About four years ago I met an American lady near Estepona on the southern coast of Spain. She previously lived and worked in America and knew no Spanish. This was unfortunate because she had a dream – to live and work in Spain. How to do? She solved her lack of Spanish problem by attending one of those Spanish language intensive courses hosted in Spain. Attending the course was expensive1 but effective.
For six months she followed the course guidelines and studied 25 hours each week in the classroom and 25 hours each week of homework. She passed her exam (B2 level), lives in Spain these days and could certainly speak Spanish well when I met her. A dream come true. She appeared to be especially happy about it too.
Back to her course – that was 1200 hours of study to acquire a 4,000 word vocabulary2. To complete her course she had to give up working for 6 months and study like a maniac. She has my undying respect for maintaining that level of intensity and reaching her goal. It has been expensive, time-consuming and I would imagine quite fatiguing. No one showed her how to learn more efficiently leaving her with only sheer will to enable her to succeed.
During my Italian program I acquired an 11,000 word vocabulary in just 253 hours thus I averaged 42 words gained per hour compared to her 3.3 words. Is it likely that I am approximately 12x as smart as she is? Of course not! Is it likely that I am capable of working 12x as hard as she does per hour? Of course not – it is more likely the other way around in her case! Is it possible I am 12x more efficient when I study? Yes. That is exactly what those numbers mean.
How? Because at Total Fluency we have been considering learning efficiency and have been doing so for 40 years. If you think about one thing for 40 years you are likely to get very good at it. It’s an unusual focus. Is it a valuable focus? Well she could have learned Spanish and kept her job saving $26,000 of lost income or just studied almost 9 hours less each day and taken the extra time to make friends and enjoy starting her new life in Spain and achieved the same level of pass. So I would say so. Yes.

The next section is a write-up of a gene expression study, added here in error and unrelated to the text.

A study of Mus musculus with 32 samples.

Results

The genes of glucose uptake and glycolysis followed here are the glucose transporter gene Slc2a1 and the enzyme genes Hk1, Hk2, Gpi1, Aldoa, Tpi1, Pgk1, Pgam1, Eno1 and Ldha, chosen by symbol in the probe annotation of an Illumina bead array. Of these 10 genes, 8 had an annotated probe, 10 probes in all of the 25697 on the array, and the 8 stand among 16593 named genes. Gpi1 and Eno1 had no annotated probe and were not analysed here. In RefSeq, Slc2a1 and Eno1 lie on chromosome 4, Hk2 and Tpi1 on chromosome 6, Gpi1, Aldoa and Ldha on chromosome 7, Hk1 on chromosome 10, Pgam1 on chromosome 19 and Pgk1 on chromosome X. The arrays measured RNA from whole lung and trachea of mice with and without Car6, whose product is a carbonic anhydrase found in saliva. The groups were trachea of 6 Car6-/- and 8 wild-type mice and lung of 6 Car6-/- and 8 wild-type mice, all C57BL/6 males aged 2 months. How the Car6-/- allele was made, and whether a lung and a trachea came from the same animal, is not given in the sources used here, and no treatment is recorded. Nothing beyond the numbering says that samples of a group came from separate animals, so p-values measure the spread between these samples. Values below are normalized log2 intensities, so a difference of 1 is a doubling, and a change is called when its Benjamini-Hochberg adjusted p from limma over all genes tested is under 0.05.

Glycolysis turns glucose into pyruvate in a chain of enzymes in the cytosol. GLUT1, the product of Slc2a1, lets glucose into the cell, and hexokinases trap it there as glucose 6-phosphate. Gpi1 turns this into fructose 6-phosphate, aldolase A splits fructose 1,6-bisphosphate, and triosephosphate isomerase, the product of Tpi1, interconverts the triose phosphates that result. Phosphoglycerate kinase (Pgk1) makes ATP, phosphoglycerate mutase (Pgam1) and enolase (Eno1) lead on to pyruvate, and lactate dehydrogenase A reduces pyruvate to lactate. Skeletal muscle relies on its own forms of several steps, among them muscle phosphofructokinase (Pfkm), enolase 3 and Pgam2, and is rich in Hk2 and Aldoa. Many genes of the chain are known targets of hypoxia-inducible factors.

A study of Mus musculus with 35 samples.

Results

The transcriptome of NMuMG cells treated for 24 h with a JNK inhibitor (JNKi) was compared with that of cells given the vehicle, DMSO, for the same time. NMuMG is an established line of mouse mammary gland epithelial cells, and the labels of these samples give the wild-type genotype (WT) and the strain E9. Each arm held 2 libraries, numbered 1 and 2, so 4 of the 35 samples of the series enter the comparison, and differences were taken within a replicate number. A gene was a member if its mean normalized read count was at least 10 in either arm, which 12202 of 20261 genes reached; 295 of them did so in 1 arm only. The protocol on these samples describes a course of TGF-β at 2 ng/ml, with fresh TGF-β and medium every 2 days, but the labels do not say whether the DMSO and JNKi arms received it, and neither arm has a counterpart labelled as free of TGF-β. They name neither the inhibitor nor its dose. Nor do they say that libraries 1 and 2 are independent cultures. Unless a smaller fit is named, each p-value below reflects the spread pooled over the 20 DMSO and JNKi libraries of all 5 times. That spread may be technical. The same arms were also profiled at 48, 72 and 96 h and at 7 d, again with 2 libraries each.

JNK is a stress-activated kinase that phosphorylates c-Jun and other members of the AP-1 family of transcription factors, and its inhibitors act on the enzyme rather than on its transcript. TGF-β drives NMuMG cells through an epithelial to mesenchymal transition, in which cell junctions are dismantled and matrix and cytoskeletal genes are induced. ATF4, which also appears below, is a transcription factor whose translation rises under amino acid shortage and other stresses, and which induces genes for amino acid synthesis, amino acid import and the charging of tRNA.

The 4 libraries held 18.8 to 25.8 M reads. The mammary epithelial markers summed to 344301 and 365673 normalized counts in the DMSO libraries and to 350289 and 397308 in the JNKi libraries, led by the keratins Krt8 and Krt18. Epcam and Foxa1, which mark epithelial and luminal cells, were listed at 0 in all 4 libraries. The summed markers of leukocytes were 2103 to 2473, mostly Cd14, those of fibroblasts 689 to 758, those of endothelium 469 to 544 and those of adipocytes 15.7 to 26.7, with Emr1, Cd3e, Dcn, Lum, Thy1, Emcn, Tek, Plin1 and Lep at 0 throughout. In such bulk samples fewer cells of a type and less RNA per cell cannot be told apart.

Perhaps you are someone struggling with a language right now, frustrated by your progress. You might be thinking “oh, thinking about efficiency is a little grand for me – I am really mostly trying to survive right now.” Perhaps counter-intuitively thinking about surviving won’t help you survive (in this case) but thinking about efficiency will help you survive and prosper.
Hot tip – get interested in 4 specific numbers you will seldom see discussed. If you are applying for a course or hiring a tutor discuss and track these numbers – the numbers in brackets are [her number : my number]. Oh and be aware that very, very few language tutors know these numbers and estimates are often wrong sometimes by as much as 10 times from both students and tutors so ask for some evidence too.
By focussing on efficiency I can get more done in the same time or take less time to achieve the same amount. This reduces my emotional and mental cost, my time cost and my financial cost – therefore it is easier for me to maintain my enthusiasm thus my probability of successfully completing the course goes up. Visible progress fuels motivation and motivation fuels results. Simple. Efficiency is your friend. Start directing your attention to the accomplishment of painless increases in your efficiency of learning. You see people think I must be working hard to learn so fast – but it is the exact opposite. I did less work and had to exert less self-discipline than our American living in Spain. And so can you.
1 – The course was only around £2,250 but her largest cost was not working for 6 months. She was making around $1,000 a week so her 6 month forced “holiday” cost her around $26,000 in lost income add her course fees and you are approaching $30,000 for a 4,000 word vocabulary
2 – In saying 4,000 I am being generous. When we met I had a vocabulary of 2,200 words and while she could speak more fluently and more easily than I (she had lived and worked in Spain for over 2 years when we met and I only gave myself 2 weeks to learn Spanish and was living in England) we appeared to have a broadly similar sized “working” vocabulary. Perhaps she had an edge over me but it was not obvious from our conversations.
3 – Assuming I paid for my course the same as she paid for her course but did not have to quit my work as 1 hour per day is perfectly achievable after work whereas her 10 hours of study is not something that can realistically be added to a working day for most people.